In both Debian and in Slint, you don't have to even configure the console screen reader, it comes pre-configured.

Also with Slint, arguably the most accessible of them all, you have the choice of various screen readers in console:

espeakup (Console screen reader connecting espeak-ng and speakup)
fenrir (Modular, flexible and fast console screen reader)
speechd-up (Console screen reader connecting Speech Dispatcher and speakup)

Now, just to be clear, I'm not talking about a the orca screen reader working in a terminal.  I'm talking about a real console screen reader working in text mode console even with NO X Windows running.

Nothing works better than a good console screen reader - the trade off is that you don't have graphics, but if you cannot see, that's not so much of a trade off.  I do wish there were more good console programms like a Linux WordPerfect - I have my old DOS WordPerfect working under DOSBox.  I'd pay for a working Linux version of a text word processor.

Best wishes,

On Wed, Dec 29, 2021 at 5:38 PM Jordan Livesey <jordanlivesey9@gmail.com> wrote:
rather than make something new, we should really concentrate on orca because its built into most popular distributions except manjaro and open suse. because quite frankly a new to linux user would rather use orca than fiddle about with a console based screen reader like fenrir, luckily I switched to debian because the version of orca it provides is better than that provided by ubuntu, by that works properly with mate unlike ubuntu

On Sun, Dec 12, 2021 at 6:15 PM Aaron <aaron.chantrill@dottywood.org> wrote:

On 12/12/21 04:59, Pawel L. wrote:
> Hi,
> I think that the blind Linux community would benefit more from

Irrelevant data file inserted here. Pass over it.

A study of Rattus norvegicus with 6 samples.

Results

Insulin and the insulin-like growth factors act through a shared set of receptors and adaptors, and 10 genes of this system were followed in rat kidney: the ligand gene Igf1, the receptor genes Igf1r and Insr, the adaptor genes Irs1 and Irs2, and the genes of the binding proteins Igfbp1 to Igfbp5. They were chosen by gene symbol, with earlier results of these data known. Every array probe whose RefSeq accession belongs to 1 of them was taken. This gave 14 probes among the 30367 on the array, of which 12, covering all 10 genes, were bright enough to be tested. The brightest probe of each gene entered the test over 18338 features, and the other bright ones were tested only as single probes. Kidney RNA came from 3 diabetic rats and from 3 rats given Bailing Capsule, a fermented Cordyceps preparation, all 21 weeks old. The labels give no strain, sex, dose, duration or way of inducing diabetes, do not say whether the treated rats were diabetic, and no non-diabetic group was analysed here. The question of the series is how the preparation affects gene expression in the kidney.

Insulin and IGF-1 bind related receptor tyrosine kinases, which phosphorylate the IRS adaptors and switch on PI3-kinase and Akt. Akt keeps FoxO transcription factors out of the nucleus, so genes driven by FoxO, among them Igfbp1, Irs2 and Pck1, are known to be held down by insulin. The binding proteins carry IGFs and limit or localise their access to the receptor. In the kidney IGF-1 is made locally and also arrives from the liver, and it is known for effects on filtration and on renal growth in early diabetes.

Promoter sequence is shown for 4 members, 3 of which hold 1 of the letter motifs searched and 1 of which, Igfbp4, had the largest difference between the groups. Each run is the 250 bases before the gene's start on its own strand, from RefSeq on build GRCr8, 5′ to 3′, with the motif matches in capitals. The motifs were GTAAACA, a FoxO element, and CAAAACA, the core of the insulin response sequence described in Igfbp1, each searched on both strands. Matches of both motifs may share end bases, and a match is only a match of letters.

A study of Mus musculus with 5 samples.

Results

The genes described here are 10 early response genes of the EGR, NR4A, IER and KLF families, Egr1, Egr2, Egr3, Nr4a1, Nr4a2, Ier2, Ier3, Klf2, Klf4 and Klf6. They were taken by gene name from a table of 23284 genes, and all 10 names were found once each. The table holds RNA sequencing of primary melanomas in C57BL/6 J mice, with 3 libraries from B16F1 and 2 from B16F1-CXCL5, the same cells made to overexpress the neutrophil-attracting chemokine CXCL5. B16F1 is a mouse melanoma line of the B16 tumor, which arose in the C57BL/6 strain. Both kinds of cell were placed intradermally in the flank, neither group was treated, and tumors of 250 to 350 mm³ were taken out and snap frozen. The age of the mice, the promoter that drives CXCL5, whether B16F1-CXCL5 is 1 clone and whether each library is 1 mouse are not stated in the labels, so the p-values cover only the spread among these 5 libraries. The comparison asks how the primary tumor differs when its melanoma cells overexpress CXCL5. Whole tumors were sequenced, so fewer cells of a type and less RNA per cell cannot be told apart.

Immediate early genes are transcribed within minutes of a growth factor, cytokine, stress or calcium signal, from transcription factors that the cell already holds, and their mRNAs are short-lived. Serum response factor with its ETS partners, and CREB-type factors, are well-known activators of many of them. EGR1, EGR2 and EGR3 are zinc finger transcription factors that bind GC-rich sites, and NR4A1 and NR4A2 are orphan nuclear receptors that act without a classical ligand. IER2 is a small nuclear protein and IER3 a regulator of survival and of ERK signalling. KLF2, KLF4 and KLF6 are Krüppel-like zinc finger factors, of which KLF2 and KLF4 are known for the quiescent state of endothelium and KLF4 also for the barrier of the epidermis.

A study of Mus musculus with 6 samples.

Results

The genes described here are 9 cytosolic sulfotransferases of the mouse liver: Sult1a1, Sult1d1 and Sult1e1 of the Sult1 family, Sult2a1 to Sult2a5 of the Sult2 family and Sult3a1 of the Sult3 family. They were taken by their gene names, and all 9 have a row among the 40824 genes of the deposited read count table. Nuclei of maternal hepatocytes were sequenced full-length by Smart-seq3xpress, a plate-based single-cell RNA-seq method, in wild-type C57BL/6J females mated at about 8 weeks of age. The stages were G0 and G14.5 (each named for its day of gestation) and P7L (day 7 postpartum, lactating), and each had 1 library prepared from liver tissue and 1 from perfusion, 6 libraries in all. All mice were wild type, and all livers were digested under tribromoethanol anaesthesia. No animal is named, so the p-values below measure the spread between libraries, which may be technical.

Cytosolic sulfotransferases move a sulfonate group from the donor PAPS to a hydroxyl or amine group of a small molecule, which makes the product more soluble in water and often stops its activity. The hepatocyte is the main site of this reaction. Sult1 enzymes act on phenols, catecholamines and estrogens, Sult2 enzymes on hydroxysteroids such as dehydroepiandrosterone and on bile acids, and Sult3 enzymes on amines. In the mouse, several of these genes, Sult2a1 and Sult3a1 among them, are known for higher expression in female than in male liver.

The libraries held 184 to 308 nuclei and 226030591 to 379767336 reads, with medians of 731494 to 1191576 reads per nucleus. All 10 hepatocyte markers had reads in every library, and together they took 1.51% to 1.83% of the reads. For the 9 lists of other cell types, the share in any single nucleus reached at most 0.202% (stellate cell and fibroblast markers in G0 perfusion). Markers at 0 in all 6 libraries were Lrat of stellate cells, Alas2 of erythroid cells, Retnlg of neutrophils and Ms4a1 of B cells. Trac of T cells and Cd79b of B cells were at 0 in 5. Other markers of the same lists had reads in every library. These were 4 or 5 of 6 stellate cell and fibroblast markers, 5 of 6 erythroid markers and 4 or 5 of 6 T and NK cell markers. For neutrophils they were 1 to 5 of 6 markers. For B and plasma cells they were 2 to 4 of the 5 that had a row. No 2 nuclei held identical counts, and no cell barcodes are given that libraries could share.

> consolidating the knowledge of talented programmers and creating one,
> but maximally complete screen reader.
> I am sure that it would be better for all of us to effectively support
> the development of ORCA, as is the case with NVDA in Windows, than to
> start new projects.
> There are many ideas out there, but usually nothing comes of it.
> Take care,
> Pawel

Just to put in my own two cents as a developer - supporting an existing
project and starting an alternative project are not mutually exclusive.
One of the great things about open source is that the lessons learned
from one project can pretty easily be applied to a different project.

There are many reasons why it might work better to start a new project
rather than contributing to an existing one. You might want to
experiment with concepts that the maintainers of the existing project
are not interested in, you might find the existing code base too
confusing to start contributing to, you might want to simplify the code
base or work in a different language that you are more familiar with.

This allows people to experiment, or at least get familiar, with the
specific issues surrounding a project. The best aspects of the new
project can either be implemented as a patch or pulled into the main
project by its maintainers if they see a clear benefit.

I'm interested in the comparison to NVDA, though. I don't know the
history of the development of that project, or what the main differences
in developer acceptance are between NVDA and ORCA. Do you find Windows
open source development to be less chaotic than Linux in general, or
just in this project specifically? It could make an interesting history.